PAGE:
Posted on Wednesday, November 30th, 2011 at 10:09 PM by Guest
With World of Warcraft slowly losing its subscribers, a number of games are now available to effectively fill in the void. Star Wars: The Old Republic will be a familiar experience for those players with a brand new storytelling scheme and experience that will be sure to bring plenty of people out of WoW and into the MMORPG genre.
The production team spared no expense to take even the basic fetch quest and turn it into something memorable and interesting. Over the course of the beta, Alliance smugglers and troopers experienced the planet of Ord Mantell, filled with a war-torn state of affairs. While making some minor comments on economic struggle and its effects, the quests mostly kept me thinking about the world inside Star Wars, not outside. Quests are more than simple text adventures – In quests, not only do you get reasonable dialogue, but you also get the opportunity to role-play your character and help them make decisions that impact them. By making decisions (well-defined by the game in case you’re a thorough gamer and terrified you’ll make the wrong decision), you can increase your attunement to the light side or dark side, which gives you access to special items and color effects on your lightsabers and blasters. You can even gain points of attunement towards people you party with in groups and certain NPCs, which change conversations and provide perks as well.
The game is especially friendly to solo play, and does well to resolve the issue of leveling as a full time healer or tank and not feeling left behind. Every major role has options for either tanking or healing, allowing you to diversify your experience. You’re never completely left without DPS options, resulting in being a more versatile character more ready for party situations. Additionally, over the course of your adventures in The Old Republic, you will meet different people who will serve as your companions in game. Companions are designed to complement your skills and help those who want to heal or tank do so while still effectively questing and grinding mobs. They also are a great way to fill that last slot in smaller party content – if you’re missing a role you would like to see in the party, simply summon the right companion and continue on your way.
Player versus Environment (PvE) multiplayer has a few slowdowns, but is also fairly enjoyable overall. In the first party instance in the Republic experience, up to four players find themselves fighting a Sith attack. The instance itself has multiple segments to it, providing at least an hour of time between story and combat. While altogether fulfilling and interesting, this is a situation where telling the story through voice may create some opponents. For every role-playing segment in the instance, each player must simultaneously talk with the same NPC, and respond to every piece of the conversation with their personal choice. One player is randomly selected to use their decision, and the other members of the party are left to wonder if their decision would make a difference. Some choices in conversation are less drastic, but others can be life-or-death choices that change the experience of the entire instance. Having key decisions randomly rolled on like loot will be sure to cause disagreements, especially when those decisions affect reputation, attunement to the light and dark side, and gains should someone be using a companion in the group to round out the experience. Stories continue to tell themselves well, however, and the bosses in the party instances have reasonable difficulty – even at level, they can prove an exciting challenge to the group. I look incredibly forward to seeing end game PvE content in SWTOR unfold – It will undoubtedly create for some challenging fights, but I’m not certain they will stand up to the standard of other games quite yet.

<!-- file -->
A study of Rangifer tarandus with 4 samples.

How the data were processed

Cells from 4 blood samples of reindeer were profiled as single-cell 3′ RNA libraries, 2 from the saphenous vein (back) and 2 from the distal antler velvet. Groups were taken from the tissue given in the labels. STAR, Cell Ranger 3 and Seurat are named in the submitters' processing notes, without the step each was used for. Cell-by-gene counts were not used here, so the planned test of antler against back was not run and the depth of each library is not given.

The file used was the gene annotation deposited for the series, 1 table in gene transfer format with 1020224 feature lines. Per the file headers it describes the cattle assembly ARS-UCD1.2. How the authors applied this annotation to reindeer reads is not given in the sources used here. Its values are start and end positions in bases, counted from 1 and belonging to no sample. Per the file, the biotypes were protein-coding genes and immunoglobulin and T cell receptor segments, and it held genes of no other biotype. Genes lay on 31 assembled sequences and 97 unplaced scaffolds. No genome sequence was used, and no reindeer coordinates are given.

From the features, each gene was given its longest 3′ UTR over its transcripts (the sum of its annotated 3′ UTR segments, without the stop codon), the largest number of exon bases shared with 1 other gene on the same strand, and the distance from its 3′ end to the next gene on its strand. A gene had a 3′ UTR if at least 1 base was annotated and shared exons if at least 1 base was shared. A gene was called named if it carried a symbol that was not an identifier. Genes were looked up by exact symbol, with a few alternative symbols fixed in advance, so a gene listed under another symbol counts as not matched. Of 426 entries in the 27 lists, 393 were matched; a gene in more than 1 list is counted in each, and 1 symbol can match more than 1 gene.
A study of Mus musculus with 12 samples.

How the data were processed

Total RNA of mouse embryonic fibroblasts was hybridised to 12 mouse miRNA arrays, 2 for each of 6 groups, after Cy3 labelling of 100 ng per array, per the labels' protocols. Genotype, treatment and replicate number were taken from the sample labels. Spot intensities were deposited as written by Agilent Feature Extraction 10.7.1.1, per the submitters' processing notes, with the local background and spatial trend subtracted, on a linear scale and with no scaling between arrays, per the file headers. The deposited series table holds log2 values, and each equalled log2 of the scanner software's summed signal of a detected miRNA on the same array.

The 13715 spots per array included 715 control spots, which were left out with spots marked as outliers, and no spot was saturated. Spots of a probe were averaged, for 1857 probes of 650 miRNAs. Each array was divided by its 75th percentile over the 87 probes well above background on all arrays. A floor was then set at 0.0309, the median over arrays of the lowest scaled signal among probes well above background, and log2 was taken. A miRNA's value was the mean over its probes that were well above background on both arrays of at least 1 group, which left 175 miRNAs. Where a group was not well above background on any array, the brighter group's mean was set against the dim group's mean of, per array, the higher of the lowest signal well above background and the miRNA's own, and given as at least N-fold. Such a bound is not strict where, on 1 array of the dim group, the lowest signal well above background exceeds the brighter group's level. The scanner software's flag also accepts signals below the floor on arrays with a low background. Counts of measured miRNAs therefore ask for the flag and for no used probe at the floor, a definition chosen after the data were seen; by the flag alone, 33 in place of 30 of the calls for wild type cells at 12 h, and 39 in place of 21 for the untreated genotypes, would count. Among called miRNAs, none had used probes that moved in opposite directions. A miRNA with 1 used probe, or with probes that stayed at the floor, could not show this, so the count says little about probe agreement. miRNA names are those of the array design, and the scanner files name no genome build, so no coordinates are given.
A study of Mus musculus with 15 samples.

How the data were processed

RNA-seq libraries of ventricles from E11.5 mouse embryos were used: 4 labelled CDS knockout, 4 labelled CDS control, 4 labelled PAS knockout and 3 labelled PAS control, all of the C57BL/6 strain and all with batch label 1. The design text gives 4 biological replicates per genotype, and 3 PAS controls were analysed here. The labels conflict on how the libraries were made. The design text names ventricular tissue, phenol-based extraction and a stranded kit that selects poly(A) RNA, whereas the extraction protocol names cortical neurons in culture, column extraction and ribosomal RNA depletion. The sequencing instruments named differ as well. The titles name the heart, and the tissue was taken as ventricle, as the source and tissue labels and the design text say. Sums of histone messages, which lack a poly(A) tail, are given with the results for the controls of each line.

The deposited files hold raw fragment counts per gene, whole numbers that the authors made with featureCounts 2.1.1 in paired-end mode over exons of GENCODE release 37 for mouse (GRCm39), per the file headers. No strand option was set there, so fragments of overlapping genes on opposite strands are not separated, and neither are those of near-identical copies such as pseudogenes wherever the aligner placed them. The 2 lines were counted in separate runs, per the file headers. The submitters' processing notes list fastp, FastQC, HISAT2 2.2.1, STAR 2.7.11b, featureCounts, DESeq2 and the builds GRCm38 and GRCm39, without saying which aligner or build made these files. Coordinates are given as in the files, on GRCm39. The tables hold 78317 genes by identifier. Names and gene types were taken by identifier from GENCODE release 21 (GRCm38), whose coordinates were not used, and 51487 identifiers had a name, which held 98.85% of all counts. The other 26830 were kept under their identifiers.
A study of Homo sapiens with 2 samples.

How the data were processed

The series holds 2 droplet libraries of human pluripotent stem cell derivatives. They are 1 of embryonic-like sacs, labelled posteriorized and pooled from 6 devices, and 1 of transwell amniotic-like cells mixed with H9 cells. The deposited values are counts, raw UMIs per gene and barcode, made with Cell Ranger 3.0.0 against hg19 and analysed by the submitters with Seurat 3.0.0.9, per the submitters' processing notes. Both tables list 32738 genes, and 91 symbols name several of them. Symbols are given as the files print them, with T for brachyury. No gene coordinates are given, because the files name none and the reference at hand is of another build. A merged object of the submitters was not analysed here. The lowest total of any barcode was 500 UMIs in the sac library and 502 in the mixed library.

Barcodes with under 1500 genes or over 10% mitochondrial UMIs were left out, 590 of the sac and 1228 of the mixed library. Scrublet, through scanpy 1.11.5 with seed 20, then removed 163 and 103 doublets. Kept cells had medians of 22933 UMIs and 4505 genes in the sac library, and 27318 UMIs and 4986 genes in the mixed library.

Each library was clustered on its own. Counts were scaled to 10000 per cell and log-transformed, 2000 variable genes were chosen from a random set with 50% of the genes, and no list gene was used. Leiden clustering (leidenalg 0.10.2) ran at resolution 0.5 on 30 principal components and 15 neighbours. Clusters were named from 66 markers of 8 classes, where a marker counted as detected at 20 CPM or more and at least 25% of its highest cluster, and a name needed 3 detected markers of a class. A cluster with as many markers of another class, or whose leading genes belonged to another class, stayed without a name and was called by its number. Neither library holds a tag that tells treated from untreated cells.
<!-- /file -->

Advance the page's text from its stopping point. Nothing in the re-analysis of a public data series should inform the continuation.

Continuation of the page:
PvP players will undoubtedly be thrilled with the gameplay available. The beta of SWTOR released with three different games available for battlefield play. Civil War plays as a three-point zone defense game, the Voidstar is an assault/defense, and Huttball is a Capture the Flag variant. While all standard games for PvP play, the battle system caters incredibly well to strategic play. In beta experience, attacking and beating an opponent takes time. An average one-on-one fight can easily last 20 to 30 seconds, giving you plenty of time to make smart decisions about your opponent. Stuns and slows are already commonplace, but are used more to help gain the small advantage to beat your opponent than give you an instant win, only to lose two seconds later to someone who had a free cool-down available. Focus firing and defending against assaults become far more reasonable in pickup groups, and I found most of my time throughout the beta queued for PvP while continuing to progress the main story. PVP is also readily accessible for the player who hasn’t completely leveled as well – Character stats are normalized, so aside from the disadvantage of a lack of talents and different utility skills, a player starting has the same footing as a player at max level. The differences are small and meaningful, and PvP in lower levels will be a great way to enjoy fast-paced action and gain experience. Will it be a main role in experience maximization? No, but it will provide a healthy alternative to PvE that won’t make you feel guilty for enjoying before max level.
The Old Republic is a game that any MMO fan should watch out for as the December release approaches. With a solid storyline and amazing solo play in PvE, and an enticing and action-packed PvP experience, SWTOR has something that any MMO fan can enjoy. Will it be the game to leave WoW for? As end-game content becomes available and word comes out to the public, even the hardcore raiders may find it a hard time to avoid trying the new game.